My parents have always been home gardeners. For as far back as I can remember, Sundays were spent of the roof, de-weeding, re-potting or harvesting produce. It became so much of a routine that I hardly ever stopped to even think about the significance of it. It was only when I moved out of the house did I realise that I actually missed that routine.
So I decided to start gardening. It started with some marigolds and jasmines but I quickly started to experiment with potatoes. My logic was, if I can grow my own staples, there are two main benefits. I’d save a fortune on my weekly vegetable shopping and be eating chemical fertiliser and pesticide free food at the same time. As I watched my first batch sprout from the ground, I was delighted as my masterplan was finally in motion. And there was nothing to it, you put a seed in the ground and it grows, bears fruit and you reap the benefits.
As quickly as my dreams had taken shape, they all came crashing down as my entire crop got infected and died. And that’s when I realised that there might be a bit more to this than I had anticipated. I was sure about the fact that I did not want to use any chemical pesticides or fertilisers on my crops. Its funny how not-okay you are with it when you’re doing it yourself and the complacency that sets in when you pick up inorganically grown vegetables at the supermarket. I conferred with my aunt who is a plant genetics scientist who wasn’t the least bit surprised when I told her what had happened. Apparently, potatoes and not native to Bangalore, where I had been growing them, which made them extremely susceptible to diseases and infections. What had got my plants was Powdery Mildew.
For my second attempt, I decided to grow beans. I watched in proud appreciation as the stalks started to climb up the supports I had so lovingly put out for them. But just as before, they were reduced to a pile of dry stems within a couple of weeks. It was pests that had got it this time. A mixture of aphids and leaf miners had done them in, ripping through the plant before it even flowered.
These experiments with growing really gave me a new-found appreciation for the food I eat and the farmers that grow them. I couldn’t even manage to keep a couple of plants alive beyond a few weeks and they managed to grow entire fields full of the stuff.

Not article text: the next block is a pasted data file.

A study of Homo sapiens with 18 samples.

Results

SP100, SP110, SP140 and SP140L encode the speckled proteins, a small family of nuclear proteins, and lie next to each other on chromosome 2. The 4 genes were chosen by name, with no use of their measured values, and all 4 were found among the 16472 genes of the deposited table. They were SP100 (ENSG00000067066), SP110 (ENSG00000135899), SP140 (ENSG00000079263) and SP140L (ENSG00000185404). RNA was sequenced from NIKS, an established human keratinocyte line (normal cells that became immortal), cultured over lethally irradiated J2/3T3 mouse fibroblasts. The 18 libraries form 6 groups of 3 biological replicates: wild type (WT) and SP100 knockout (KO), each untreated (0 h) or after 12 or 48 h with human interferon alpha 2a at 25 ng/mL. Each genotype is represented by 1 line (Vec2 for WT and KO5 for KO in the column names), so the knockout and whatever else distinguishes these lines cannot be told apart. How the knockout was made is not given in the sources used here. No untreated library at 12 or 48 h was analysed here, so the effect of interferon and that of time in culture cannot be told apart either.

This was when I decided to get my own mini-farm on Farmizen. I picked the crops I wanted to grow on the app which suggested what to grow based on seasonality and crop rotation cycles. I headed down to the farm to help the farmers prep the land and plant the seedlings. I watched as the generously fertilised the soil using natural fertilisers.(By this time, I had retreated to the shade of a tree because my high flying city lifestyle had apparently made me too soft for farm life. But after a quick breather I persevered.)
Over the next few weeks I followed the progress of my crops on the app and when it was time for a harvest, I headed down to the farm to help the farmers harvest my crops. They joy that you get when you return from the field with a basket full of vegetables that you know you grew is indescribable. I couldn’t wait to get home and put these vegetables to work in the many dishes that were already coming to mind.
Overall, the entire experience gave me a new-found respect for the food that I eat and the supply chain that gets it to me. I would say that this experience is not for everyone, but for those of you who have ever dabbled with gardening and want to take it a step further – this is the perfect way to take that step. Your motivation really seems to sky-rocket when you see the fruits of your labor come to life. This experience also took me back to those early days gardening with my family and is now definitely an experience I would want to pass on to my future generations.
Experience the joys of naturally grown vegetables at a Farmizen mini farm near your. Visit www.farmizen.com to know more.